A Boston federal judge has denied accused terrorism sympathizer Tarek Mehanna's motion to suppress Foreign Intelligence Service Act evidence and a motion to compel production of exculpatory evidence.
U.S. District Judge George O'Toole Jr. ruled on Friday that "the information obtained in accordance with those orders are classified as secret or top secret. Neither the defendant nor his counsel have had access to those classified documents."
In a four-page order, O'Toole made 11 findings indicating why the Foreign Intelligence Surveillance Court properly issued the FISA search and surveillance orders, based on his in camera review of the documents.
"The Court recognizes the defendant's difficulty in making such a preliminary showing where the defendant has no access to the confidential FISA-related documents here," O'Toole wrote. "Nevertheless, Congress has established mechanisms to balance a defendant's desire to access confidential information with the government's interest in protecting the national security by maintaining the confidentiality of classified government documents."
In a separate order, O'Toole denied Mehanna's motion to compel production of exculpatory evidence, including Mehanna's communications with al-Qaida representatives and regarding whether there were terrorist training camps in Yemen at the time Mehanna visited that country.
O'Toole denied without prejudice Mehanna's motion to compel exculpatory evidence about government witness interview notes that might undercut any witness's credibility.
Mehanna attorney J.W. Carney Jr. of Boston's Carney & Bassil said he had expected the rulings because in similar cases every federal court "has refused to let anybody see any national security documents."
"The court is not requiring the government to tell us why they thought our client was the agent of a foreign power and therefore could be the subject of FISA search warrant," Carney said.
Mehanna was a 27-year-old pharmacist living with his parents in the upscale Boston suburb of Sudbury, Mass., at the time of his November 2008 arrest on charges of making a false statement to a federal officer in domestic or international terrorism matter. He was arrested at the airport, as he was about to leave for Saudi Arabia for a pharmacy job. At the time, he was a recent Massachusetts College of Pharmacy and Health Sciences graduate.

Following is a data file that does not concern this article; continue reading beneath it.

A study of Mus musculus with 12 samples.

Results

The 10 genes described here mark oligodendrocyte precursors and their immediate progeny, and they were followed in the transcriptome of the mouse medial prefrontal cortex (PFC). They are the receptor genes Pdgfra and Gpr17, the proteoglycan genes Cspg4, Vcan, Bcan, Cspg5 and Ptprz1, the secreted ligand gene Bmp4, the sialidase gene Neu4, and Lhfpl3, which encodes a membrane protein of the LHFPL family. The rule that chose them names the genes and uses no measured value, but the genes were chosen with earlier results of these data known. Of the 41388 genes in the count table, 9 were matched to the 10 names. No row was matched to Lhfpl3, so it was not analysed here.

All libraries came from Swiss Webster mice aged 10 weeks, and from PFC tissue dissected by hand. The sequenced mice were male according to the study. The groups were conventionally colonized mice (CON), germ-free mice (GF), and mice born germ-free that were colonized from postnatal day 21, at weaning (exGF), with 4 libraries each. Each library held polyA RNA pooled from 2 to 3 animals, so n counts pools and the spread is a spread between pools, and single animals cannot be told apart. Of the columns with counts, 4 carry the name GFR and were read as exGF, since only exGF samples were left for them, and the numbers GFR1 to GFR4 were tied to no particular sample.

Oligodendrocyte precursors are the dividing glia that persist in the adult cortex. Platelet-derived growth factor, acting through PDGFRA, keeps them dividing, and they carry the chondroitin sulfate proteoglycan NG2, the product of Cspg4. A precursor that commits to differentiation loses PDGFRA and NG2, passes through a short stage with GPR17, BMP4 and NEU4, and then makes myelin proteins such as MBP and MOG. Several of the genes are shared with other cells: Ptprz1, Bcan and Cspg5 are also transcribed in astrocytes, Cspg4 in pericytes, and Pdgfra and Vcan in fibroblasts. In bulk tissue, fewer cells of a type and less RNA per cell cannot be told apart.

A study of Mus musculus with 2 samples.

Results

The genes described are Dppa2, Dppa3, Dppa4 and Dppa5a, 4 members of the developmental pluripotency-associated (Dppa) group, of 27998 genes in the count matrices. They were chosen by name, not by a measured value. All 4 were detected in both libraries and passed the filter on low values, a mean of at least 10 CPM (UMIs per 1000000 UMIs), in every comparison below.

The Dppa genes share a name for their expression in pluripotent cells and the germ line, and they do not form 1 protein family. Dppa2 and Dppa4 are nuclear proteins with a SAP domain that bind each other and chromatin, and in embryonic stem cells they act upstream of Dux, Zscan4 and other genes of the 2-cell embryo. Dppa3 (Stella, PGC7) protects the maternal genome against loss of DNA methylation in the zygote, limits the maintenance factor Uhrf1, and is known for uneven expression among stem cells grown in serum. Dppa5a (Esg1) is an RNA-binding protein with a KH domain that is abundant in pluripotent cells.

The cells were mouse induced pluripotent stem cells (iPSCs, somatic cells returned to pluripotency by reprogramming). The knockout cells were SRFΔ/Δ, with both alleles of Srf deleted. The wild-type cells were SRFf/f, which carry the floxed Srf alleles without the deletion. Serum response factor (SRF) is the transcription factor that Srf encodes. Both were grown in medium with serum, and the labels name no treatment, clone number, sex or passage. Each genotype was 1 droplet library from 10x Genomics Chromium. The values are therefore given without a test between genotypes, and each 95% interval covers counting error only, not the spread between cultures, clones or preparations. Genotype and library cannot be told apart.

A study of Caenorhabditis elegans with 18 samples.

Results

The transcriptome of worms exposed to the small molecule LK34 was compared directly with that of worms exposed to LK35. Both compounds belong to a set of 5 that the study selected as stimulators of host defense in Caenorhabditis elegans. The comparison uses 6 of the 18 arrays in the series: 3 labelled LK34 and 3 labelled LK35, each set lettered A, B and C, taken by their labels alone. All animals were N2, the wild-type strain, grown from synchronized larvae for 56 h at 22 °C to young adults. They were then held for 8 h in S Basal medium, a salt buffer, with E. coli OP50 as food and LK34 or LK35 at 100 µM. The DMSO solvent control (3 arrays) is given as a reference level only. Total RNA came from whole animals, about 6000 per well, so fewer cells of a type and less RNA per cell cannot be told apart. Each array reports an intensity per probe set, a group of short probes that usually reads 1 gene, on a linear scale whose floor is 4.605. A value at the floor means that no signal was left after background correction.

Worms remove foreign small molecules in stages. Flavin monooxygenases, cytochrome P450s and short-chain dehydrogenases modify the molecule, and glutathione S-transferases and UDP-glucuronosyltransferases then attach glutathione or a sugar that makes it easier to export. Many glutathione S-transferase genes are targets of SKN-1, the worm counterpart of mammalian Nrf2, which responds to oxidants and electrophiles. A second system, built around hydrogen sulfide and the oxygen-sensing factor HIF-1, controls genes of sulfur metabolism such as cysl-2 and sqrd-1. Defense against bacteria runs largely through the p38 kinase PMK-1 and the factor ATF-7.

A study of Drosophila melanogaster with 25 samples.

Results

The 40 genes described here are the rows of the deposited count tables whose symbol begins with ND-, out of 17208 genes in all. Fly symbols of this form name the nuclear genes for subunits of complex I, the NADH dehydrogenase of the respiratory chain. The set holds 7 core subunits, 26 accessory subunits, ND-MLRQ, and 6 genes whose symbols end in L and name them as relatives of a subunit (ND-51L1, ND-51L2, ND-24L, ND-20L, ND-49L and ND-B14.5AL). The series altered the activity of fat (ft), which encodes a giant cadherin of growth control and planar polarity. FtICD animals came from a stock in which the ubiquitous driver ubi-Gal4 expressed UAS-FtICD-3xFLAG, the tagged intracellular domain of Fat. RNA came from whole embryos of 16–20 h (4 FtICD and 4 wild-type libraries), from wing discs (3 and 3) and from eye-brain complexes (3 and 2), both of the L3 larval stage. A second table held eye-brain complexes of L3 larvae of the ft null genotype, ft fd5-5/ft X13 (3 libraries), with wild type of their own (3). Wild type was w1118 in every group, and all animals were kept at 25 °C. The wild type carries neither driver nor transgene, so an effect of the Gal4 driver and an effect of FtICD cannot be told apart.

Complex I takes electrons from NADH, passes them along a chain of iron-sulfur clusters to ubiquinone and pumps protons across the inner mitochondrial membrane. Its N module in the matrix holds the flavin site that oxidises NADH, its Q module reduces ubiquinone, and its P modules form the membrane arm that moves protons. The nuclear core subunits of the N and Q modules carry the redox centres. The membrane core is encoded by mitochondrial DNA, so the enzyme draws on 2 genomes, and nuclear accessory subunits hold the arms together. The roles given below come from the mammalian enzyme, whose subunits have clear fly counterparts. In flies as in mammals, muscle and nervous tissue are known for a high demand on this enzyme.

He was released that December, but charged in a November 2009 indictment with making false statements, conspiracy to provide material support to terrorists, providing or attempting to provide material support to terrorists, conspiracy to kill in a foreign country and conspiracy to make false statements.
Carney said Mehanna has been held in solitary confinement.
According to the most recent indictment, filed in June 2010, the government has accused Mehanna of watching violent jihad videos with individuals with terrorist ties and discussing "efforts to create like-minded youth in the Boston area."
He was accused of discussing attending a terrorist training camp in Iraq and going to Yemen in February 2004 to attend such a camp.
The indictment claimed that Mehanna created and/or distributed videos and written materials promoting terrorism in 2006 and sought Internet links to tribute videos about the hijackers who orchestrated the Sept. 11, 2011, terrorist attacks.
The government charged Mehanna with distributing a video in July 2006 that depicted the aftermath of retaliation against U.S. personnel in Iraq following the report of a rape committed by a serviceman.
The indictment claimed that Mehanna gave false information to the Federal Bureau of Investigation's Joint Terrorism Task Force in December 2006.
The Boston U.S. Attorney's Office and the Justice Department's National Security Division, which is also involved in the prosecution, declined to comment.
Mehanna's trial is scheduled for Oct. 3.